In a landmark ruling, the Court of Arbitration for Sport upheld the IAAF regulations which require women like Caster Semenya to take medically-prescribed drugs to lower their testosterone levels or be kicked out of competitions.

Caster Semenya smiles after the women’s 800m final at the athletics event of the London 2012 Olympic Games on 11 August, 2012 in London. Picture: AFP.

JOHANNESBURG - South African fans of Olympian Caster Semenya Wednesday expressed shock and disappointment after their star athlete lost a bid to challenge IAAF rules forcing female athletes to regulate their testosterone levels.

In a landmark ruling, the Court of Arbitration for Sport upheld the IAAF regulations which require women like Semenya, with higher than average natural female testosterone levels, to take medically-prescribed drugs to lower their testosterone levels or be kicked out of competitions.

"We are bitterly disappointed," said Bathabile Dlamini, the minister for women.

"This is a disappointing judgement, it actually removes Caster Semenya's agency as person, as an athlete, as a person who trains hard," Dlamini said.

"As the department of women we are particularly angered (that) we are expected to conform to western notions ...for our athletes to compete".

She said Semenya was being targeted because "she is so successful through her hard training and her dedication".

"It's a violation of her rights as a woman, the violation of her rights as human being".
'BEYOND OUTRAGEOUS'

Sports Minister Tokozile Xasa said the "regulations trample on the human rights and dignity" of the 28 year-old who was named one of Time Magazine's 100 most influential people of 2019.

Athletics South Africa (ASA) said it was "deeply disappointed and profoundly shocked" that the Court had ruled in favour of the new regulations, and that it would consider appealing the "disgraceful" decision.

"We are ... reeling in shock at how a body held in high esteem like CAS can endorse discrimination without flinching.

"South Africa knows discrimination better and CAS has seen it fit to open the wounds of apartheid, a system of discrimination condemned by the whole world as a crime against humanity," said ASA in a statement.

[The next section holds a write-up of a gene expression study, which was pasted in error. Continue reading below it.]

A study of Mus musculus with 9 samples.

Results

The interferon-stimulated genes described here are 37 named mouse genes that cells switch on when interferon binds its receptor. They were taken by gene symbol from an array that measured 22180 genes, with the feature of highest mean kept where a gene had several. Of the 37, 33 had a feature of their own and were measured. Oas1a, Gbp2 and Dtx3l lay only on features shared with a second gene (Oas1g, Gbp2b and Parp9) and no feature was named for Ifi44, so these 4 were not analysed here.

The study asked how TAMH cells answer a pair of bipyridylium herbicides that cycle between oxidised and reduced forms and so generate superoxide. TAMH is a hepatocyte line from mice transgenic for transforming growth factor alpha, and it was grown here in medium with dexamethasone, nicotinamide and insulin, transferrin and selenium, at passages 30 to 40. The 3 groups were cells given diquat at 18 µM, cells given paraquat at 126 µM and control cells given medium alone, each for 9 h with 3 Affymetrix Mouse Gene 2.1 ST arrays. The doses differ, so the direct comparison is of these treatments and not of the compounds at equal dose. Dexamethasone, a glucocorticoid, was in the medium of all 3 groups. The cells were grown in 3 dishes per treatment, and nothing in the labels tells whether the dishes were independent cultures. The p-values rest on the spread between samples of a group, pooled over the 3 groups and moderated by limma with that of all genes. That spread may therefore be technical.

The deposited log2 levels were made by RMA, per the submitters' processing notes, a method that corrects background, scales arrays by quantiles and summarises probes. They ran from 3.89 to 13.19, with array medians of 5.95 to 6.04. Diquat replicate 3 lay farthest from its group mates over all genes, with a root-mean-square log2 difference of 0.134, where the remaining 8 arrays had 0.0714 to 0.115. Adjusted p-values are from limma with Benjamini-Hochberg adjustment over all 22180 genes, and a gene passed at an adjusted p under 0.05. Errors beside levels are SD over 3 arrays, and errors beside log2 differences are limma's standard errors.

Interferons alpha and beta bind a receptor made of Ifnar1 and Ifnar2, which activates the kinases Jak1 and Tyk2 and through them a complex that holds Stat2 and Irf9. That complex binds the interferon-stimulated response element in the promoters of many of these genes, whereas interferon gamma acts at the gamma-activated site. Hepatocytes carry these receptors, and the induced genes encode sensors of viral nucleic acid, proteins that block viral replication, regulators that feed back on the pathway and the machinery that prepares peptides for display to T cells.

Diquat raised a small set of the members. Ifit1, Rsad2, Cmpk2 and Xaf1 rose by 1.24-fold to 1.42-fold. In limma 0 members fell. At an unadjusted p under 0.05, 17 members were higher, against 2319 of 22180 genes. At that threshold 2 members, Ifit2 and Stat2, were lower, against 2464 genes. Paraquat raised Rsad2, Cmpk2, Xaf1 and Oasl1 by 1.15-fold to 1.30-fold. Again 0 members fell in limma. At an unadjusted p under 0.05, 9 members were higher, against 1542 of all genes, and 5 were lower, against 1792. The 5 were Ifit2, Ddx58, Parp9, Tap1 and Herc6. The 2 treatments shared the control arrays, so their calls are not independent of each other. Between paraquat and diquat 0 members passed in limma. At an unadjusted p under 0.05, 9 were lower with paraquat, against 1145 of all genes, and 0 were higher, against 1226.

'REELING IN SHOCK'

The ruling African National Congress (ANC) said it was "appalled" by the court decision.

"It is rather disheartening to learn that the Court has ruled against Caster Semenya in her fight to be treated equally and without prejudice," it said in a statement.

It accused the IAAF of "acting in a prejudicial manner that divides rather than unites athletes."

"Shocked" by the decision, the main opposition Democratic Alliance party called on the government and sporting federations to "use all available processes to oppose this decision and fight for her right to compete on the international stage without having to take any drugs to suppress what she was naturally born to do".

Semenya, who has dominated the 800m over the last decade and had remained largely silent through the court battle, on Wednesday vowed in a statement that the court decision "will not hold me back".

She said she knew "that the IAAF’s regulations have always targeted me specifically. For a decade the IAAF has tried to slow me down, but this has actually made me stronger".

"I will once again rise above and continue to inspire young women and athletes in South Africa and around the world."

On social media her fans were furious.

From Cape Town, one tweeted that the decision was "beyond outrageous" adding "I thought sport was about not putting hormones in your body".

A Pretoria-based fan wrote the CAS decision smacked "of racism, sexism and bigotry rolled into one".